Twitter is so fast, it's blurry. (Source: Robert S. Donovan's Flickr page)

Besides the fact that Twitter is fast and newspapers are—let’s face it—less fast, Twitter is built for much more specialized and flexible purposes. I’m comparing them (and I’ll keep doing so) because I think Twitter is worthy of mention as a journalism standard.

So: Twitter:taxi::newspaper:bus. There are good things and bad things about all those and it all depends on what your purpose is.

Twitter is a taxi

…it’s fast, nimble, takes you wherever you want to go and all you have to do is point. There are downsides, too: Taxis can be loud, messy, annoying and occasionally untrustworthy. But if you take some time to learn from your early mistakes, you’ll soon know what you’re doing and you’ll know how to spot an untrustworhy cab when you see one.

Like taxis, Twitter is extremely customizable. There’s nowhere you can’t go and your experience is entirely predicated on what you put into it. (Ever been in one of those cabs where you don’t talk to the guy except to pay him? Ever been in one of those “party cabs” where it’s like 3 a.m. and you get the cab driver to sing Biz Markie with you and your friends? That’s what I’m talking about.)

Newsprint is more like a bus

…been around forever, rarely late and offers a diverse mix of people that you’d probably otherwise miss. Downsides: Sometimes you know roughly where you want to go, but the best the bus can do is drop you off five blocks away and the bus driver can only give vague directions as to where this place is once you disembark. Some bus drivers don’t even know anything other than their routes.

Old Bus 2 from Hysterical Bertha's Flickr page

Old Bus 2 from Hysterical Bertha's Flickr page

Translation: Newspapers are highly generalized. You can read a newspaper and get a great one-off report of an instance taking place within a topic (i.e. a roadside bomb that went off in war-torn Iraq), but if you want to know anything else, you’re on your own. Where do you go for that type of thing? Wikipedia? The library? Hope you know, because the newspaper usually isn’t telling you.

On the other hand, newspapers and busses are great for people who don’t want to have to go looking for their information in the first place. Sure, the first time you jump on a bus, it may seem a little weird and confusing, but it’ll be back at the same time every day and after you’ve been riding it for a couple weeks, you’ll feel like a regular.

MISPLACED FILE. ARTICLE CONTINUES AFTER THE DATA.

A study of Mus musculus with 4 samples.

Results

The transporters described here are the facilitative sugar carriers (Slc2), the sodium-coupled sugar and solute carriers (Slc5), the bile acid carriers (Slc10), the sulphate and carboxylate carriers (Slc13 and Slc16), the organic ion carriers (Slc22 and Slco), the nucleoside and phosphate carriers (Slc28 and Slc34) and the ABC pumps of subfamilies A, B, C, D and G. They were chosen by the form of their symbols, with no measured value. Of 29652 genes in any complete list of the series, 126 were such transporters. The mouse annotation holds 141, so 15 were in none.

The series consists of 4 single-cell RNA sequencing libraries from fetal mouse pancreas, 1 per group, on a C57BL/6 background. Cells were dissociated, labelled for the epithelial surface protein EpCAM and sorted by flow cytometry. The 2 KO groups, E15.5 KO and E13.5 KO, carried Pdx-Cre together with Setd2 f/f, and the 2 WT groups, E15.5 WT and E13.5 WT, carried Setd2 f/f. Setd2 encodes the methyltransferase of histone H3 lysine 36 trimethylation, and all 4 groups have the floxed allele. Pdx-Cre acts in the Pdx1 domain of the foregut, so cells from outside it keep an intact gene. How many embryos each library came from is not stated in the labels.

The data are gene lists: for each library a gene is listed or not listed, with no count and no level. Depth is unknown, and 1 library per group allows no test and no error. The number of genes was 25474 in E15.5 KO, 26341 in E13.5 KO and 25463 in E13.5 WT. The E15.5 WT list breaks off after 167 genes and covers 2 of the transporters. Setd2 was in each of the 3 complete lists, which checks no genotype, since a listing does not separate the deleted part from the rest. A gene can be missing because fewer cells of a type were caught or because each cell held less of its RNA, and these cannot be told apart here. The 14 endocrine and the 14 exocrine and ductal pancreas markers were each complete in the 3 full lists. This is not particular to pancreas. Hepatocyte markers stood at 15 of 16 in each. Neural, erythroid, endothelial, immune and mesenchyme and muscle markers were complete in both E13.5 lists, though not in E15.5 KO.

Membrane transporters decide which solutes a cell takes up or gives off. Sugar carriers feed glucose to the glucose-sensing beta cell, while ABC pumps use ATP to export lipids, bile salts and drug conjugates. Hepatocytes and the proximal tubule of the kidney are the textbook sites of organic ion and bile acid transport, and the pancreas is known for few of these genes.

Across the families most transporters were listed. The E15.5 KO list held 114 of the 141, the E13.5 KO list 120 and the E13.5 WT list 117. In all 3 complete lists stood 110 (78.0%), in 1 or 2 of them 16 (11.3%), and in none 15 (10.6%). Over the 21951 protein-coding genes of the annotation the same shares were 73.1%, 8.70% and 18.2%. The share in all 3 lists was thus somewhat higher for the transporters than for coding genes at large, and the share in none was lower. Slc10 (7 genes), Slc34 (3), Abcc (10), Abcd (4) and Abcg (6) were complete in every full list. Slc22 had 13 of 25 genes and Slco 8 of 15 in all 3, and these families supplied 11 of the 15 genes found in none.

It all depends on who you are or who you’re writing for

Don’t try to give up-to-the-minute reports in a newspaper. Don’t try to go in-depth on Twitter. It’s not insanely difficult. Just realize what it is you’re using and what your chosen method is used best for. Know your audience, too. Your Twitter audience isn’t the same as your newspaper audience … (etc.).

Every communication platform has a journalistic use to it; if it all goes down in flames, it’s on the user.

Note: This spun out of a comment on Kevin Sablan’s blog and you really should check out the post that preceded it.

Comments on this entry are closed.

  • Great analogy; thank you for this post! It gives people the courage and freedom to experiment with twitter.

  • Thanks so much, Bridget! I find what you guys are doing with Twitter really interesting and, quite honestly, unexpected. Here you’re representing a construction company, but your Twitter stream rarely delves into construction-related talk. Instead, you’re putting a brand out there and making it a personality within your community (re: your Tweets on the Southern California storms and floods). Which is to say, you guys get it. Social media success demands more than business strategies and monetary returns; it requires an interpersonal investment—that’s something that news orgs still don’t get and need to if they’re want to remain relevant.